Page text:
In honor of Mental Health Awareness Week let’s venture off our routine topics and talk about sleep. With the novel coronavirus spreading throughout the world many likely feel their sense of normalcy and daily routines have come to a hault. Many are working from home, temporarily furloughed, or laid off resulting in difficult times with our entertainment and hobbies temporarily taken away. During the first week of quarantine, usual routines of daily life were flipped upside down abruptly. Slowly but surely though, we have begun to piece them back together like a puzzle. Here is a topic which affects us all and can benefit how we look and feel – Sleep.
It is no question sleep plays a pivotal role in revitalizing us both mentally and physically. When we are rested our body functions better and mentally we feel good about ourselves. Sleep is metaphorically like our battery charger. Good sleep hygiene is essential to optimize physiological functions including restoring our skin. For example, it’s during the early onset of non-REM sleep the skin repairs itself. Sleep is so important there is an entire fellowship dedicated to sleep medicine which physicians may pursue to help patients with sleep problems. There is so much to talk about with regards to good sleep hygiene, however I wanted to focus on some general tips which may help you look and feel better.
Sleep tips in no particular order:
- Create a consistent routine, even on weekends – Go to bed and wake up at the same time every day and aim for 7-9 hours of uninterrupted sleep per night.
- Take a nap if you feel like you need it and to repay your sleep debt.
- Curate an aesthetically pleasing, calming, and comfortable place to sleep tailored to your personal likings.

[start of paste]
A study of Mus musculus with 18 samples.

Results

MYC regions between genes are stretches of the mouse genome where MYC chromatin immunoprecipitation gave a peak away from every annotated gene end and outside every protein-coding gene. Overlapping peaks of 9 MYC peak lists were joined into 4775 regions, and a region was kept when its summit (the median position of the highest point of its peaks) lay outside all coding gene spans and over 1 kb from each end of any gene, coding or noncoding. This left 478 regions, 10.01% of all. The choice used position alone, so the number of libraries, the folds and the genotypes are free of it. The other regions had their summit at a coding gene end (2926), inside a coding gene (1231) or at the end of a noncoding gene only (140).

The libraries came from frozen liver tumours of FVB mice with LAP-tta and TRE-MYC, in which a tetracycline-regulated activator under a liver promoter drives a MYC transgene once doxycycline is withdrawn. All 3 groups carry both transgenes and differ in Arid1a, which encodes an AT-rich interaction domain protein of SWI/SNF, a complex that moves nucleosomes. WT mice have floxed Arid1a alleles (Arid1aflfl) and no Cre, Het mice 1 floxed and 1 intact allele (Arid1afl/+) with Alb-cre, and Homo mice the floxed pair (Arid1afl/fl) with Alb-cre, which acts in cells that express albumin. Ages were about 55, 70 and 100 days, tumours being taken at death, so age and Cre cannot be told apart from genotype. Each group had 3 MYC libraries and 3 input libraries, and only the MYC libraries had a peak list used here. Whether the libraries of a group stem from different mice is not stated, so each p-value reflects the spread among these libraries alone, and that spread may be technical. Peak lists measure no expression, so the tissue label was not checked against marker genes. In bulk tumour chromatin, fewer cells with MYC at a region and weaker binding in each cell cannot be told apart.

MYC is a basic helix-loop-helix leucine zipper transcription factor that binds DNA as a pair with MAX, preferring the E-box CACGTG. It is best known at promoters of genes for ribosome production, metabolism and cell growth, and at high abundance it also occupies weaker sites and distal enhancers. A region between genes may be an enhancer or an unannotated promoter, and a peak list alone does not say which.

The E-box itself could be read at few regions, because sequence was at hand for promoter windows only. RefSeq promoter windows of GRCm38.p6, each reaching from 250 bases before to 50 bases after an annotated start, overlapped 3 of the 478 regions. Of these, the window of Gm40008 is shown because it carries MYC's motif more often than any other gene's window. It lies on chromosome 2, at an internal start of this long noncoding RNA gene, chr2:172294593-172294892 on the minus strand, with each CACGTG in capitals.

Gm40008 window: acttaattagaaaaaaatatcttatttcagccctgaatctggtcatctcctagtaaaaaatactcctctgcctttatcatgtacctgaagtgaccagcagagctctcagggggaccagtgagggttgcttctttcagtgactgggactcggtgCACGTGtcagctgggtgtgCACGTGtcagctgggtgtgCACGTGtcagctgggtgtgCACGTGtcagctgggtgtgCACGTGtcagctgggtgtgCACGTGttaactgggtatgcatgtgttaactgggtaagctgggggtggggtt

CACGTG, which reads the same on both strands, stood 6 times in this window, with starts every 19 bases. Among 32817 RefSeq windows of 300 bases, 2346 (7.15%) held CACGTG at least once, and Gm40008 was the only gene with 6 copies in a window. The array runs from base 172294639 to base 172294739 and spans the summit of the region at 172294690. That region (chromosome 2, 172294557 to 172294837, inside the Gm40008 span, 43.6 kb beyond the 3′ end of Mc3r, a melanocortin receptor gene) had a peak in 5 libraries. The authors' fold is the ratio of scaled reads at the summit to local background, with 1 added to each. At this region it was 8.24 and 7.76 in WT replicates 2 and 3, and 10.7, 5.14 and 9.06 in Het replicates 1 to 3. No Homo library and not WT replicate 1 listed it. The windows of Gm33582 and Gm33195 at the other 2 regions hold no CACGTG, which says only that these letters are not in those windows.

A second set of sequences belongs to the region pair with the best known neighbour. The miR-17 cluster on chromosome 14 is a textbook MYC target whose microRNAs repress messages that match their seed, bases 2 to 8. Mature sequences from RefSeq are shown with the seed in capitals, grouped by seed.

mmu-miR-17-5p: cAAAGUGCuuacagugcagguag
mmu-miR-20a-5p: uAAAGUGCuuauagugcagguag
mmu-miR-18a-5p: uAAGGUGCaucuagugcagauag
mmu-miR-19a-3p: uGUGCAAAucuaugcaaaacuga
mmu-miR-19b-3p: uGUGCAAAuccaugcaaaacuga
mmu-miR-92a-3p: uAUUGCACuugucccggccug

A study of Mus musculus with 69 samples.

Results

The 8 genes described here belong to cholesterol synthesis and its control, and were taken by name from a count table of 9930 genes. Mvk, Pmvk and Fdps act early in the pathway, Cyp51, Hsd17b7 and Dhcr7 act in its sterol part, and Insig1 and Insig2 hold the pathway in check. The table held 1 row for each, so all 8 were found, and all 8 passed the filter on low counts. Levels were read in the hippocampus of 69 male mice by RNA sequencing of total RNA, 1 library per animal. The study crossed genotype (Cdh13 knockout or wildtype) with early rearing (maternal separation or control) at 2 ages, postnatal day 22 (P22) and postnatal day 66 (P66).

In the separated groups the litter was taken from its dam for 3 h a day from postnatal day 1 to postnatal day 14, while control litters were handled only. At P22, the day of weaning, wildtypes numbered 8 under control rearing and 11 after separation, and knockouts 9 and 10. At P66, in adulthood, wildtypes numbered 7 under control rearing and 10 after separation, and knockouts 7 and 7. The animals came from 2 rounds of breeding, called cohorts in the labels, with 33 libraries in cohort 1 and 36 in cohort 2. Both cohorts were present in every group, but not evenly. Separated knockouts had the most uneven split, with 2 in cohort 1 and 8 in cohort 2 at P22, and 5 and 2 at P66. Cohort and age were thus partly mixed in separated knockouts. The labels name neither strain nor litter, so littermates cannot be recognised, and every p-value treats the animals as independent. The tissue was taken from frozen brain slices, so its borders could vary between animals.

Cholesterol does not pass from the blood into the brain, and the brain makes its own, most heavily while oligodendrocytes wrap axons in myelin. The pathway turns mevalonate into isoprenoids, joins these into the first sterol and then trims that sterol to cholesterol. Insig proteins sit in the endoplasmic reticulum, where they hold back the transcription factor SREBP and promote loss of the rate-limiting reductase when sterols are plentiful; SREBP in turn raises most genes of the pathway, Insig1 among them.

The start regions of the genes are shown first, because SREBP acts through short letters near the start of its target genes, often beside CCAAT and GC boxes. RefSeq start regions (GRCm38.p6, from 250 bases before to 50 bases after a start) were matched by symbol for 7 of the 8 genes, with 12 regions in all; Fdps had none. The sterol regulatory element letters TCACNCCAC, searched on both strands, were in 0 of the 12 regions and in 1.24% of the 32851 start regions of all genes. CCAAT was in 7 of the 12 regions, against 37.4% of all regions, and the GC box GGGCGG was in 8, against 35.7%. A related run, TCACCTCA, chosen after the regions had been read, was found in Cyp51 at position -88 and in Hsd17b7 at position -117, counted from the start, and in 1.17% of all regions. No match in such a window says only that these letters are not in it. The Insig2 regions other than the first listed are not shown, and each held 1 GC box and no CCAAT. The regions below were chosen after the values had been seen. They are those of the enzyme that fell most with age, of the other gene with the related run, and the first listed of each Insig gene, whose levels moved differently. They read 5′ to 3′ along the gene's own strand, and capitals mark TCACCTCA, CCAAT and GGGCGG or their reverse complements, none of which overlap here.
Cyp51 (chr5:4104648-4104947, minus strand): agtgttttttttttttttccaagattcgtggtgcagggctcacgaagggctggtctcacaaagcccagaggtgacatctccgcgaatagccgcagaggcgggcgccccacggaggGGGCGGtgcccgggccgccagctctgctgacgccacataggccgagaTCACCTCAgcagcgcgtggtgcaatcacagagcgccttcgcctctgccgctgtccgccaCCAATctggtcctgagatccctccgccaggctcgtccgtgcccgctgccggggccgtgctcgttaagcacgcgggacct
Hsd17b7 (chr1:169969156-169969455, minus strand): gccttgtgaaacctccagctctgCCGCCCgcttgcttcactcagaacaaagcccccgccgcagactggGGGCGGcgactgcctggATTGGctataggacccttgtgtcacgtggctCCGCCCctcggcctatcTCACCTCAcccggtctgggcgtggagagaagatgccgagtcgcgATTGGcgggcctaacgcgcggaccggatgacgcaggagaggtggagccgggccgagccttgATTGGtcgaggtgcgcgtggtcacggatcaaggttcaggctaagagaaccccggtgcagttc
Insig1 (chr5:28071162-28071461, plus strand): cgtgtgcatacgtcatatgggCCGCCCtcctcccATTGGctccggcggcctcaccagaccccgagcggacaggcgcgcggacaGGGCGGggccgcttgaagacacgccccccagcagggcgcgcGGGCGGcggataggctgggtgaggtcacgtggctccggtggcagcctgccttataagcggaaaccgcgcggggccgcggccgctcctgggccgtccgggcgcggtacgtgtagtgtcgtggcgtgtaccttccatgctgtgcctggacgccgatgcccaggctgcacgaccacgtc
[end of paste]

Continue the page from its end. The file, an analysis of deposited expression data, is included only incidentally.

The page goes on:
- Turn off electronics 1-2 hours prior to bedtime. Replace or dim bright digital clock displays. Blue light at night emanating from screens can affect your melatonin level which helps regulate your sleep wake cycle.
- Consider buying ergonomic pillows tailored to your sleeping style which can reduce neck pain and result in a more comfortable night’s sleep.
- Relax and unwind before going to bed – Wash your face before you go to sleep and carry out your physician dispensed skincare routine. Take a warm bath with lavender foaming bath wash (L’Occitane is my personal favorite), Epsom salts and/or candles. Shower, read a book, listen to soothing music, and/or drink a warm cup of cozy chamomile tea or whatever helps you find your inner zen.
- Limit caffeine intake and alcohol several hours prior to bed both of which can make falling asleep more difficult and have diuretic effects.
- Consider trying occasional over the counter medications such as melatonin which may help if still having trouble sleeping. For faster absorption they even come in gummy form. Melatonin is a natural substance your body uses, however caution is advised and you should ask your primary care physician if melatonin is safe to try.
- Avoid relying on prescription sleep medications unless directed by your physician.
- If continued difficulty sleeping talk to your primary care physician about your concerns. You may benefit from a consultation with a sleep medicine specialist who will take a detailed history, exam, and possibly a non-invasive specialized sleep study evaluating your brain activity via an electroencephalogram (EEG). This study will monitor your brain activity, movement, oxygen levels, breathing patterns, and heart rate to determine if you have a sleep disorder. Psychiatrists may also help you if you suffer from depression or other mental health disturbances.
Our goal is for you to have the best possible sleep hygiene and to enjoy the many benefits of sleep including beautiful healthy skin. Improved sleep can help optimize your skin tone, minimize wrinkles, and reduce those dreaded “bags” around your eyes.
For more information, please feel free to check out the following website: www.sleepfoundation.org.